Every team experiences conflict. Whether it’s a battle for control, a clash of priorities, or just a difference in understanding, some degree of conflict is a fact of life in most work groups, civic organizations, neighborhoods or even families, for that matter.
Many conflicts are quickly resolved with little effort, part of the everyday give and take of group life, but some require intervention.
Most of the leaders I speak with, even those who are the most serious about leadership, dread becoming involved in conflict resolution. And with good reason—it’s a challenging process, and the stakes are often high. But it’s a situation where procrastination can be enormously destructive as tensions deepen and people take sides. From a more positive perspective,
Resolving conflict is an opportunity to strengthen your entire team by demonstrating principles of compromise and collaborative solutions.
To get the most benefit, how you resolve conflict is as important as the outcome. Even though the process is usually carried out privately, its influence will be highly visible within your team. A simple three-step method works well in most situations:
Begin by gathering information from each party separately. Remember that these discussions are frequently stressful to the person being questioned, and keep the tone professional but not hostile. Ensure you have privacy and an undisturbed block of time. You’ll also want to take notes, because the act of recording interviews has a negative effect and may limit candor. Focus your attention as carefully as possible to hear what’s being said but also to realize what isn’t being said and to pick up on tone and body language.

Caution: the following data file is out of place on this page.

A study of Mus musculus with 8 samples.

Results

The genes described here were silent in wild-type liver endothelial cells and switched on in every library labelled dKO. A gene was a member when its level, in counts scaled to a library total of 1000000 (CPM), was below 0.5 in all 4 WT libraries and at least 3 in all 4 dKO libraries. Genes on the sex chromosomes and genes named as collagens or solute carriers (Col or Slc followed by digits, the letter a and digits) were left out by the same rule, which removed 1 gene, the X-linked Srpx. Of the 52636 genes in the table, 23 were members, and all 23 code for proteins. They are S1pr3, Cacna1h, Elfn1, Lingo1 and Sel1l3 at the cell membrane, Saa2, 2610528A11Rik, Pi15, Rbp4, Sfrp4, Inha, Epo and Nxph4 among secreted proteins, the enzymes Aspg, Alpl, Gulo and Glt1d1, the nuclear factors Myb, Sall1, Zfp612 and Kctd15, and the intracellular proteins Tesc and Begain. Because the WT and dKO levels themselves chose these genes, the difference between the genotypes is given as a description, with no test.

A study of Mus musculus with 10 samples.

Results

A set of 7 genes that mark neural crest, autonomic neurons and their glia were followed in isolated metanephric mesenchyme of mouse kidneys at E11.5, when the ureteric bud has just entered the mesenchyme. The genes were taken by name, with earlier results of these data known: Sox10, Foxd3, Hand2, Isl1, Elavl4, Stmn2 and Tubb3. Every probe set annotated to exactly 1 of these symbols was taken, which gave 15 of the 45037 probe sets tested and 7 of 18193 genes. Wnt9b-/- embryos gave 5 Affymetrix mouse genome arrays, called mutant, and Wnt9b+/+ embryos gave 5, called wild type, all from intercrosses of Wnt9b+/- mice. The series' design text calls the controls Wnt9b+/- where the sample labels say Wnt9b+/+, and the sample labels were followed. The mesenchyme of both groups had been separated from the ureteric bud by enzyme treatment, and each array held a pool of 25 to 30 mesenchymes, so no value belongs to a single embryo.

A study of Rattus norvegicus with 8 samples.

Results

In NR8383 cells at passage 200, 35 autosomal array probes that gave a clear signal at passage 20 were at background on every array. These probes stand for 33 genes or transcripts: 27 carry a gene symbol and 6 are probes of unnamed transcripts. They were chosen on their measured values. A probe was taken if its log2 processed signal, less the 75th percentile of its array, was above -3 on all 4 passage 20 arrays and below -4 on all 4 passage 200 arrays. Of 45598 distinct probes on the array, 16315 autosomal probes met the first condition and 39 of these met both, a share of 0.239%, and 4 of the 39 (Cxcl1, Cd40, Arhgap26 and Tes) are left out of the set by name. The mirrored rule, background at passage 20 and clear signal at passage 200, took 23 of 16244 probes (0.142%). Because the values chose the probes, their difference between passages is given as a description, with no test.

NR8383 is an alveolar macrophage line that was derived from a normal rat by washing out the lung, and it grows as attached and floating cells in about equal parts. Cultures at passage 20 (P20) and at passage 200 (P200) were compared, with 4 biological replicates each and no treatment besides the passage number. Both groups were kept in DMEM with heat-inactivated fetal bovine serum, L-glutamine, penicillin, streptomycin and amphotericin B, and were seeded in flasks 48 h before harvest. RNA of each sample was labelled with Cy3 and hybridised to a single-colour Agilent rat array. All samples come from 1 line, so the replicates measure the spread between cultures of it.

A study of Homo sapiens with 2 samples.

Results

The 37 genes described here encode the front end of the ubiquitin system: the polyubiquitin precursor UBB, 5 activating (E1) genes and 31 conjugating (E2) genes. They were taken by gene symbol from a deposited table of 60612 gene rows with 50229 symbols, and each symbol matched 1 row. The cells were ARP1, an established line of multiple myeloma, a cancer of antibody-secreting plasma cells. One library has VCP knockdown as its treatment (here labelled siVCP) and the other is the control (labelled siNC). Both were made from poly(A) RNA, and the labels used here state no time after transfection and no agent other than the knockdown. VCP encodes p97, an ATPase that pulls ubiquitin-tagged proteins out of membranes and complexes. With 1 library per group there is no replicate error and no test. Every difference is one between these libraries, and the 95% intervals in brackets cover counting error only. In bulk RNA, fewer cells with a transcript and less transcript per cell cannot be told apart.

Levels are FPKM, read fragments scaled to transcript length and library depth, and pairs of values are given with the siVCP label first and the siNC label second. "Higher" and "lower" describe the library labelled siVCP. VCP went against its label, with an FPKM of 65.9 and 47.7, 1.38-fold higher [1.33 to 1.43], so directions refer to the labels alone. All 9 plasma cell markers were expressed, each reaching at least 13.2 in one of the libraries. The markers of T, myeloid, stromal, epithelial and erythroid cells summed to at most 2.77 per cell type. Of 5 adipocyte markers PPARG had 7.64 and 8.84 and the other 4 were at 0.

From the beginning, be clear about confidentiality and other considerations, which may vary depending the situation and your organization. (For example, issues involving possible discrimination or harassment may fall under specific guidelines.) For conflicts without such special requirements, emphasize to everyone involved that the process is about discovering where expectations and communication have broken down so they can be repaired. Often just allowing each party to feel they’re being heard and understood will go far in calming a situation.
Once you’ve gathered information, put some serious thought into understanding the situation. The most helpful exercise may be to put yourself in the role of each party, asking “If I were this person, what would the best outcome be?” Pay particular attention to balancing priorities and needs and ensuring that any divisions of responsibility and sacrifice are equitable. You may want to bring in an HR professional or a senior administrator for advice, or consult an outside source to validate your understanding and direction.
Once you’ve decided on a resolution, call both parties together and present your understanding of the conflict together with the proposed resolution. You may wish to leave some points open to be decided during the course of the meeting to give each party ownership in the solution and allow them to begin rebuilding a working relationship. If appropriate, include a timeline for following up to keep things on track. If the plan involves a change in roles or responsibilities, you may also want to discuss how that information will be shared with the entire team.